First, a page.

The 2012 Millennium Development Goals annual report/update has been released. Progress for malaria has been noted, but below target. In summary the report notes that …
“The estimated incidence of malaria has decreased globally, by 17 per cent since 2000. Over the same period, malaria-specific mortality rates have decreased by 25 per cent. Reported malaria cases fell by more than 50 per cent between 2000 and 2010 in 43 of the 99 countries with ongoing malaria transmission.”
While the overall tenor of the report veers toward the positive, the authors had to explain that, “Although these rates of decline were not sufficient to meet the internationally agreed targets for 2010 of a 50 per cent reduction, they nonetheless represent a major achievement.”Â Ironically, the map at the right, taken from the report does not even include a shading for 80% and higher – the Roll Back Malaria target for 2012. Inadequate intervention coverage and the financial and health systems weaknesses contributed to the coverage gap, in spite of calls for universal coverage in 2009.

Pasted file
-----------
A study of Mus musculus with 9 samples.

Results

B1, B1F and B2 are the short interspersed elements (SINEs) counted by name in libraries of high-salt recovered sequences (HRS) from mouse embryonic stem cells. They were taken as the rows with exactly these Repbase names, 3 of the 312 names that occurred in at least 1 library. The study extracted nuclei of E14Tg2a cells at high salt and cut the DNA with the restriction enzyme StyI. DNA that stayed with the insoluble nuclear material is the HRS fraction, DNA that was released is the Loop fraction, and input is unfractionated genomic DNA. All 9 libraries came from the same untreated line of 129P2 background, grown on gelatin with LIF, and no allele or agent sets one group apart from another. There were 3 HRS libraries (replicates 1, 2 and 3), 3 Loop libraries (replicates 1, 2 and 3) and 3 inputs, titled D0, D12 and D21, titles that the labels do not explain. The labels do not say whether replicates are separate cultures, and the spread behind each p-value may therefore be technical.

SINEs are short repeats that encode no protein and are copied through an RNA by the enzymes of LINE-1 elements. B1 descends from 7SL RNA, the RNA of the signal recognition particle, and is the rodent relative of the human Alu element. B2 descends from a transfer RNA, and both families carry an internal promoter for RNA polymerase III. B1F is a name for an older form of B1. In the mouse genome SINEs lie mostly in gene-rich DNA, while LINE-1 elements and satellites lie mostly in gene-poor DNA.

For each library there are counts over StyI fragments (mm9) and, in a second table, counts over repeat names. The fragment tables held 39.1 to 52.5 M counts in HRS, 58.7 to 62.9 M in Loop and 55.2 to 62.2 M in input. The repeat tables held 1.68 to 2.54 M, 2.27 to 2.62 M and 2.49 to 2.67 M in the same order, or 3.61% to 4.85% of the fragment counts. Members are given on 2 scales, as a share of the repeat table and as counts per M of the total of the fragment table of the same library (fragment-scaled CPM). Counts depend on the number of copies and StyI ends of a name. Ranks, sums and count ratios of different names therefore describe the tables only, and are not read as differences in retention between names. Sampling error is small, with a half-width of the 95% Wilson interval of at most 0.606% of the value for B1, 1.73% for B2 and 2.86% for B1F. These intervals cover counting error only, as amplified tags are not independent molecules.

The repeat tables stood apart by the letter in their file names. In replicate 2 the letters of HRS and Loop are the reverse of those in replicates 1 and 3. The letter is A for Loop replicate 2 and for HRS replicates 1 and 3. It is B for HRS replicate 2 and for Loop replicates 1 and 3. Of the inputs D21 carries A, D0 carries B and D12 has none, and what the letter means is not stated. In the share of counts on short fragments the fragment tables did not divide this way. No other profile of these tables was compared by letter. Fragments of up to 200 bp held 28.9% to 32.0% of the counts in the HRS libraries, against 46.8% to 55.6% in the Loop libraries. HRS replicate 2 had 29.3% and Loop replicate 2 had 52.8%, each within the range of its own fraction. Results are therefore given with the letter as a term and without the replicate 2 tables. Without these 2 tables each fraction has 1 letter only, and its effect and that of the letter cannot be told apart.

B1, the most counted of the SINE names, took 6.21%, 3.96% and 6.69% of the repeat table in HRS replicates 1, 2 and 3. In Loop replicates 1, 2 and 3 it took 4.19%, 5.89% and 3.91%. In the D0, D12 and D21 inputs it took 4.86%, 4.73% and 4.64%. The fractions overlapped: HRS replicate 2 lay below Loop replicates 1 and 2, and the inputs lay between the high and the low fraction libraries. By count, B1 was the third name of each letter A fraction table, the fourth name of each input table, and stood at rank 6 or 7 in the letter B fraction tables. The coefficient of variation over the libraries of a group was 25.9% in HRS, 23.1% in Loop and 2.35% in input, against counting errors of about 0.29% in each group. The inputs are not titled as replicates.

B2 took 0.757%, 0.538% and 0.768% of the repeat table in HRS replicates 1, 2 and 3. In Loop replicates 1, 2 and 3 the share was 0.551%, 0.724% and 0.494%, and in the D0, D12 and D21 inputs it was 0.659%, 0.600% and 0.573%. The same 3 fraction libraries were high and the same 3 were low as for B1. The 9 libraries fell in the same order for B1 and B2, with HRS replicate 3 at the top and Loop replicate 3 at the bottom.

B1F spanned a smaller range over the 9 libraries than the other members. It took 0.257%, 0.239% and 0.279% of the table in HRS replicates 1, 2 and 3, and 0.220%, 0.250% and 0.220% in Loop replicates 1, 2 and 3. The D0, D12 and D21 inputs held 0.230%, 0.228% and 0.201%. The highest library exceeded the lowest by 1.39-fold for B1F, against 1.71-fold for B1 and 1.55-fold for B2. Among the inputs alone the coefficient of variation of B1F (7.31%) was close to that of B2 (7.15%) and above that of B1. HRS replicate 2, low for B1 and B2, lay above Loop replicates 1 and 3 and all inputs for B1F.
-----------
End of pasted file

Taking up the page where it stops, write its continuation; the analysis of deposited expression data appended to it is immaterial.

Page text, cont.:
The big push toward universal coverage did result in more nets, but some countries are still in the process of trying to get the first round of mass distribution finished.Â In light of Global Fund Round 11 cancellation and the world economic crisis, fears exist that replacement nets, likely needed by 2013, can be bought. The MDG report echos this concern: “There are worrisome signs, however, that momentum, impressive as it has been, is slowing, largely due to inadequate resources.”
Fortunately there is a bight light. Rwanda just announced that -
Over six million treated mosquito nets will be distributed to households in 2012 and 2013 and around 500,000 Long Lasting Insecticidal Nets (LLINs) will be given to pregnant women and children under five years in 2012, the National Malaria Control Program Director, Dr. Corine Karema, has said. “Currently we are in the phase of replacing the Long Lasting Insecticidal Nets (LLINs) distributed in 2010,” Dr Karema said, adding that families which didn’t receive them in 2010 will be assessed so that they can also get nets.
Not only does Rwanda’s effort represent replacement of the old nets, but also recognizes the need to provide nets in an ongoing manner during routine health services like antenatal care. Let’s hope that this sets a good example for other countries to make a commitment to find the funds – locally and/or internationally to ensure that the MDG for malaria morbidity and mortality reduction will not be sidetracked.